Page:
Rwanda-South Africa row: sign that SA has wasted its leadership potential

Last week South Africa and Rwanda traded diplomatic expulsions. It is not the first time that relations between the two countries have gone this sour. 
Joseph Rwagatare
Joseph Rwagatare

Last week South Africa and Rwanda traded diplomatic expulsions. It is not the first time that relations between the two countries have gone this sour. 

Four years ago, South Africa recalled its ambassador to Rwanda for consultations following the shooting of Kayumba Nyamwasa, a Rwandan fugitive in Johannesburg.

Recalling an ambassador for consultations is a diplomatic way of showing anger and displeasure while expulsion of each other’s diplomats is just short of severing relations.

I think the state of relations between Rwanda and South Africa goes beyond the two countries and is a reflection of the latter’s failure to play its expected role in Africa.

South Africa has the ability to be a continental leader in many respects.  It has the continent’s biggest economy and a strong military to back its leadership potential.

And for a little over ten years after 1994, the leaders of South Africa lived up to this ability.

President Nelson Mandela lent his considerable moral authority and personal stature to his country. Everyone in Africa and beyond found him inspiring and considered him a role model. This was a period of hope and expectation – waiting for the promise of the country that would be released by the new-found freedom.

Mandela was not just the president of South Africa, but a world leader. His word carried weight and he was not shy to immerse himself into other countries’ problems if that could help resolve them. 

People in the Great Lakes Region remember his role in mediating and ending conflicts. Under him,South Africa enjoyed the respect of Africa and the rest of the international community.

President Thabo Mbeki carried on in similar fashion. 

Now, Thabo Mbeki was not a Mandela and in his time was accused of all kinds of things – aloofness, disregard of, even disdain for, daily politics and sometimes being out of touch with reality. 

In a sense he was not cut out for the rough and tumble of politics (which his successor, Jacob Zuma thoroughly enjoys).

But what he lacked in charisma he more than made up for in intellect and commitment to Africa. Under his leadership South Africa looked outwards and was actively engaged with the rest of Africa. 

Thabo Mbeki was deeply involved with such initiatives as African Renaissance and NEPAD. He was one of the champions for seeking African solution to African problems. 

The engagement with Africa by both Mandela and Mbeki had another dimension. It reflected a sense of gratitude to the rest of the continent for their role in the liberation of South Africa.

In the recent past, however, South Africa seems to have abdicated its leadership role. The shift away from playing a more positive role in Africa is perhaps a reflection on the country’s leadership and the state of affairs internally.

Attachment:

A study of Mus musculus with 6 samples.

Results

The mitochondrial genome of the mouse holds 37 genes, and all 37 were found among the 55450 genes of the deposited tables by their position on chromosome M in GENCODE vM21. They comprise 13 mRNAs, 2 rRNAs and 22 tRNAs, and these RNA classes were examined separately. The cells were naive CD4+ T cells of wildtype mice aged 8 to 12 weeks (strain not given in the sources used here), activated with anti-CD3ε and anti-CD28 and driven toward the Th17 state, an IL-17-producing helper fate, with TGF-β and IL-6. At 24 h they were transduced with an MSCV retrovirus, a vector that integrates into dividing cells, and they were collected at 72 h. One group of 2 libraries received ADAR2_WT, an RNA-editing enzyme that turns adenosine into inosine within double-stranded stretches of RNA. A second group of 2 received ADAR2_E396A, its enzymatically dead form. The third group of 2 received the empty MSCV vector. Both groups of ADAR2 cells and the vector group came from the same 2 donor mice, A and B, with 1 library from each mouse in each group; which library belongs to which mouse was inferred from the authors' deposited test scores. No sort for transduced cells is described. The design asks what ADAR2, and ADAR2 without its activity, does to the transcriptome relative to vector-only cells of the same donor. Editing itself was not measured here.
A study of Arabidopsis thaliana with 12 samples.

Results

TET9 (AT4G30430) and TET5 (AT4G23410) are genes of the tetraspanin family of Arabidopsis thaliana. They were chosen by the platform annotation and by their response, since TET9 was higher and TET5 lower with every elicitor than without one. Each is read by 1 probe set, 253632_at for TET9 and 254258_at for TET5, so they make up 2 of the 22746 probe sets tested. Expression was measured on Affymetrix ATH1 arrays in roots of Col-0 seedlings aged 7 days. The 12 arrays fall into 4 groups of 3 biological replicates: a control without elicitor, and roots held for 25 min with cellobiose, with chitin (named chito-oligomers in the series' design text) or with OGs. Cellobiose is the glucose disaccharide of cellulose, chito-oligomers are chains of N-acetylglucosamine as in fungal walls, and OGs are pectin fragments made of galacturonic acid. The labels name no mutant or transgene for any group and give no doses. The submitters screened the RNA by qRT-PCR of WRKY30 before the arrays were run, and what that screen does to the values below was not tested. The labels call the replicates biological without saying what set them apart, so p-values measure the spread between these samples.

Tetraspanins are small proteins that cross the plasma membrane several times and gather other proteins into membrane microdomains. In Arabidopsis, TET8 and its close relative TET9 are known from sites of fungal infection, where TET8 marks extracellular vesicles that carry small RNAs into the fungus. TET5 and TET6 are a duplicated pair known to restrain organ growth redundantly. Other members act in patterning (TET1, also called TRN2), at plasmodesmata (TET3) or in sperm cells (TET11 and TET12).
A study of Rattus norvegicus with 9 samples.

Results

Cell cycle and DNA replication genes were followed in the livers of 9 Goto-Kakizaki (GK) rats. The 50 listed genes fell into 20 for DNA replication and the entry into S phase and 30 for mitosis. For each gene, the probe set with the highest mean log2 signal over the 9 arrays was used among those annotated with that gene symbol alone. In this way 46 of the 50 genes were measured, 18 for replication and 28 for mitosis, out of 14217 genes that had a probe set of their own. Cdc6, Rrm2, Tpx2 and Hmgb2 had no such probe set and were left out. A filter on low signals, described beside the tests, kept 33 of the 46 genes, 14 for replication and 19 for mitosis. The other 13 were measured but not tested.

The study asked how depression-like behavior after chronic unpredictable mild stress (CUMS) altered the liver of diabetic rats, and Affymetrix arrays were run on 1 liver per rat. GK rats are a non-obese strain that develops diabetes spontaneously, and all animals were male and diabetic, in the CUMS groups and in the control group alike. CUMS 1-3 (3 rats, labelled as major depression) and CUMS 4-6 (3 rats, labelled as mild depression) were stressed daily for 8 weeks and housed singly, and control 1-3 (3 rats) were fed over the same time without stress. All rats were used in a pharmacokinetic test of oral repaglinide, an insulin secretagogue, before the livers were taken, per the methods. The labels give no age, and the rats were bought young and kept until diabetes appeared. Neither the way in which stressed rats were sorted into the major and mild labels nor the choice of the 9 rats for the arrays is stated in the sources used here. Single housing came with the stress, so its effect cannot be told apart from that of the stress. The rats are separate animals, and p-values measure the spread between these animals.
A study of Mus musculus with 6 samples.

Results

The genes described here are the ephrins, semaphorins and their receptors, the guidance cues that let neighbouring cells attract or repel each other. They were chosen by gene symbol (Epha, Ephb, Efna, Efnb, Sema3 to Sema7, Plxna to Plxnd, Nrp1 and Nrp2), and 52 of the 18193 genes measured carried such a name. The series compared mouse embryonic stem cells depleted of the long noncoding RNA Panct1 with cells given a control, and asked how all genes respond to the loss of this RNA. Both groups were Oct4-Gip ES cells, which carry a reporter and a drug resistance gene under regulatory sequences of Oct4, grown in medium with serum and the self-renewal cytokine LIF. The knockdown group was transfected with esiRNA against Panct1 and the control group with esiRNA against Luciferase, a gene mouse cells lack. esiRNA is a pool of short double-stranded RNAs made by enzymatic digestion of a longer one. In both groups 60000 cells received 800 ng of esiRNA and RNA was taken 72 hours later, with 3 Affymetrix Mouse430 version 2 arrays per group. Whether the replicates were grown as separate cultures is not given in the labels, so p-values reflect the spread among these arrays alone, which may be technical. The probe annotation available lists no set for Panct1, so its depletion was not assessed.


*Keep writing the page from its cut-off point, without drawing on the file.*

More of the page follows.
Sharp divisions have developed among South Africans in the political and economic spheres. The ruling African National Congress that was once a mass movement has been splintering owing to corruption and dissatisfaction with the performance of the party in raising people’s living standards.

Ordinary people are increasingly disgruntled with the political class and post-apartheid African business elite. Indeed in a number of cases, especially at mines, there have been protests that have been met by apartheid era police brutality.

There has also been growing xenophobia against African immigrants in the townships. Some have seen this growing intolerance to fellow Africans as a sign of deep economic issues within South Africa.

Others see it as a sign of ingratitude.

Of course, South Africa has continued to deal with the rest of Africa, but in a largely negative sense, to the extent that some see it as meddling rather than providing leadership.

For instance, in the case of Rwanda, South Africa has provided a home to people they know plan and sponsor terrorist activities in another African country. 

The Rwanda Government has said that it has been providing its South African counterpart with proof of those terrorist plans and activities and the people involved. 

It appears that South African authorities have chosen to ignore the evidence and instead has gone ahead to provide the terrorists with extra security at the taxpayers’ expense.

In dealing with other African countries, South Africa’s leaders seem not to be driven by national motives alone but by other interests. Personal friendship and other individual relationships appear to dictate national policy.

That is why in the last several years the potential for South African leadership of the continent has not been realised. The leadership capital that Mandela and Mbeki built, and that a strong economy guarantees has been squandered. 

The result is that we are increasingly witnessing unprincipled diplomatic quarrels that do not serve the interests of ordinary South Africans.